Facebook live, Instagram live, nowadays there is every way to go live. While we were not on screen, this year’sPassover Seder sprung alive in our home on Malcolm Ave — but in an utterly different way than expected. So why was this night different than all other nights? Or, in this case, why was this Passover different than all other Passovers?
Our family is accustomed to hosting a public Seder for our Chabad with many participants. But because of COVID-19, that was not going to be possible, and we did not anticipate having guests at our family Seder table. But the night before Pesach, Irving, a 93-year-old member of our community, gave us a call. He needed a place to go for the Seder. He explained that he was fully vaccinated and cleared by his doctor to join us. We were thrilled to host him.
From the moment Irving arrived, he asked to see our baby, who was sleeping (Irving’s face always lights up when he sees our children, and he asks them what they are learning in school and what is new for them in their little lives). He then gifted us a book. It was filled with pictures from life in Austria before the Holocaust. (Of course, I’ve learned about the Holocaust but never took the time to sit and hear the stories. I finally did!)
We then started the Seder. Kadesh, Urchatz, step by step. The kids proudly asked the Ma Nishtana and showed the beautiful Hagaddot that they had lovingly prepared at school. That part of the Seder was the same as always. But then came Shulchan Aruch, the delicious holiday meal. Together with the salad, fish and chicken soup came Irving’s stories. We had never heard them before!
Irving started sharing about his life in Austria. Out spilled the treasures of a Jew who had witnessed Jewish history in its rawest, purest and most terrifying state. Out spilled the stories of him hiding his father under material in their home and secretly driving to warn his uncle that the Nazis were out to get him next. Out spilled the stories of escaping the Nazis’ brutal regime by leaving on one of the last boats, before it was too late.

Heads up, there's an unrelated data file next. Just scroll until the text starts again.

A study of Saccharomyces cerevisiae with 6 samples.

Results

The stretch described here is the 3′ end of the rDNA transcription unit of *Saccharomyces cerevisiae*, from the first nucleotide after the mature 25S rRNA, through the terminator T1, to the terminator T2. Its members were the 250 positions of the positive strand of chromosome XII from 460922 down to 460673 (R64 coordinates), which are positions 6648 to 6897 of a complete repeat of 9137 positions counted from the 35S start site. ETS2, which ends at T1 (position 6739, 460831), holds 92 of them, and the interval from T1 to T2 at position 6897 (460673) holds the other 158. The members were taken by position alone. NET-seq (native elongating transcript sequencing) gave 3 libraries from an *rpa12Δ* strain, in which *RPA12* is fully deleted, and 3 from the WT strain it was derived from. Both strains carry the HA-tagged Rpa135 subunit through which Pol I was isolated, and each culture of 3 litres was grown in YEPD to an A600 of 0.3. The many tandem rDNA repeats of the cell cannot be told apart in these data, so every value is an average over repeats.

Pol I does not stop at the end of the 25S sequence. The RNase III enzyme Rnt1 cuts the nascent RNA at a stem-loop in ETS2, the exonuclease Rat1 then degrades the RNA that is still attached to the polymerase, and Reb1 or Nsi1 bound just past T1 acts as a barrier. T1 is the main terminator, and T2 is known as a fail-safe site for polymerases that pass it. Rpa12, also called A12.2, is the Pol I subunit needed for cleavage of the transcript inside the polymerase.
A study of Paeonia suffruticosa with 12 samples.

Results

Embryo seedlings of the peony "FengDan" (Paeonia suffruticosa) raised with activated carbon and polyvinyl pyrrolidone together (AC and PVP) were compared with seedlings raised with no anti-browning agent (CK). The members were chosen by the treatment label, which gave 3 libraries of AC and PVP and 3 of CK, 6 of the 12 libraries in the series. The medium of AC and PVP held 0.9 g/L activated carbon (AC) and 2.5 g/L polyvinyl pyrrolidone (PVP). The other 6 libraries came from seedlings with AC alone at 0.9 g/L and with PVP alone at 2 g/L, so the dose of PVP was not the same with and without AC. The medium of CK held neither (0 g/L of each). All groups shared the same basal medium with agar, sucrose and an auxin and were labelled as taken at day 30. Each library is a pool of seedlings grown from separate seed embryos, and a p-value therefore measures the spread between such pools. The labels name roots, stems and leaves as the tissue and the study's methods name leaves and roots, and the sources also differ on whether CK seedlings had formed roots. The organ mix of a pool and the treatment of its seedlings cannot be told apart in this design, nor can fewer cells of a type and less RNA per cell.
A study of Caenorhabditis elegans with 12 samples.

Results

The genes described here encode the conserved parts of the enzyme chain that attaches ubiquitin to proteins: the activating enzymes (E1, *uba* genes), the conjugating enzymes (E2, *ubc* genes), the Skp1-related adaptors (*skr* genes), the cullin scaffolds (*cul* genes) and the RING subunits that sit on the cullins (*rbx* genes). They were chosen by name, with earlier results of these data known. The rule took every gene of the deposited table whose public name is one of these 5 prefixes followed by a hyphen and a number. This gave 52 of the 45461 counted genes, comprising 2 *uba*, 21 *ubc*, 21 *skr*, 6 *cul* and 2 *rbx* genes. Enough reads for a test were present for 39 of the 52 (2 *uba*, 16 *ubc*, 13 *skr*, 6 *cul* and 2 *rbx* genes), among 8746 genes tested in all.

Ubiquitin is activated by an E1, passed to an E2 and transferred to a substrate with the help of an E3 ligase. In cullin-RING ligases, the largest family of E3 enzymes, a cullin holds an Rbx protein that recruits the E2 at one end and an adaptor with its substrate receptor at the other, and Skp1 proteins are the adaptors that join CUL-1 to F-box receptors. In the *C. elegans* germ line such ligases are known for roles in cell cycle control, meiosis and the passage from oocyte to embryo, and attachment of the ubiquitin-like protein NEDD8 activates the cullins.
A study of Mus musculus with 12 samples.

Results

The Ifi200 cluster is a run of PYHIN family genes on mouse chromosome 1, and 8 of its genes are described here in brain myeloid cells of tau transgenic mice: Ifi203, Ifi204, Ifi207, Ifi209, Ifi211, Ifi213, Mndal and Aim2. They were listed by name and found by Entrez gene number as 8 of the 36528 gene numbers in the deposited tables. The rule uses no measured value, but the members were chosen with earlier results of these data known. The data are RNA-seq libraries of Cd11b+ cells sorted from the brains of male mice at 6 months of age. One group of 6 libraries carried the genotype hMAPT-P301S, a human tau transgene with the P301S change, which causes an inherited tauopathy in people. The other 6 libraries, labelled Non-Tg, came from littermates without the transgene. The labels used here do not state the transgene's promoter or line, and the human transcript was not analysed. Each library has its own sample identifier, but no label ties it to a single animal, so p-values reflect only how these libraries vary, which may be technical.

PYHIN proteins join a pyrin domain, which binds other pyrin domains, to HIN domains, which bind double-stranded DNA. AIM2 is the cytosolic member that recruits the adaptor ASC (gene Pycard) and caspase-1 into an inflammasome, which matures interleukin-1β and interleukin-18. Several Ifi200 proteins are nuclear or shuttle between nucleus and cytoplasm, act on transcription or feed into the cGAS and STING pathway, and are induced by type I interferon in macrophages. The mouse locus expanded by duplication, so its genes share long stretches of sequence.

Out spilled the treasures of a Jew who had witnessed Jewish history in its rawest, purest and most terrifying state.
Irving spoke and spoke. “Can you imagine that they tried to destroy us simply for being Jewish?” he asked. He shared how time and again G-D’s Mighty and Loving Hand saved his family from the sickening pursuit of the Nazis. He spoke about the miracles he lived through and how he is ever certain that we will outlive and outsmart any physical, emotional or spiritual enemy that may rise against us.
I soaked it in like a little girl listening to her grandfather tell stories of his youth. I wanted to hear it all from the original source. I wanted to observe how a hero describes his life. I wanted to know every detail. Irving’s story touched my heart.
One of my favorite songs at the Seder is Vehi Sheamdah. It translates, “In every generation yet another nation rises to fight against us Jews and G-D saves us again.” That night we witnessed a walking, talking, living Hagaddah. Hagaddah means to speak, to speak the words of the Exodus from Egypt, of our history as a Jewish nation. Irving spoke it all. He told the story of a nation that will survive through thick and thin. For me Vehi Sheamdah will never sound the same. And Irving was right: They will never win. We will always prevail!
Then Irving’s wish came true. Our baby woke up, and my husband brought him to the Seder table. “YOU! YOU are the answer. And your sister, and your brothers,” Irving said, pointing to each of our children. “Hitler would’ve been infuriated to see the children. Yet, they are here and he is not!”
Many people say that children are our future. However, I’ve learned from the Lubavitcher Rebbe that children are the present and current focus of our people (and our future too). They are here and telling the world that Am Yisroel Chai. Yes, children, you are also the living Hagaddot.
Zeldie Cunin is a passionate teacher and writer. She is the co-director of Chabad of Westwood-Holmby.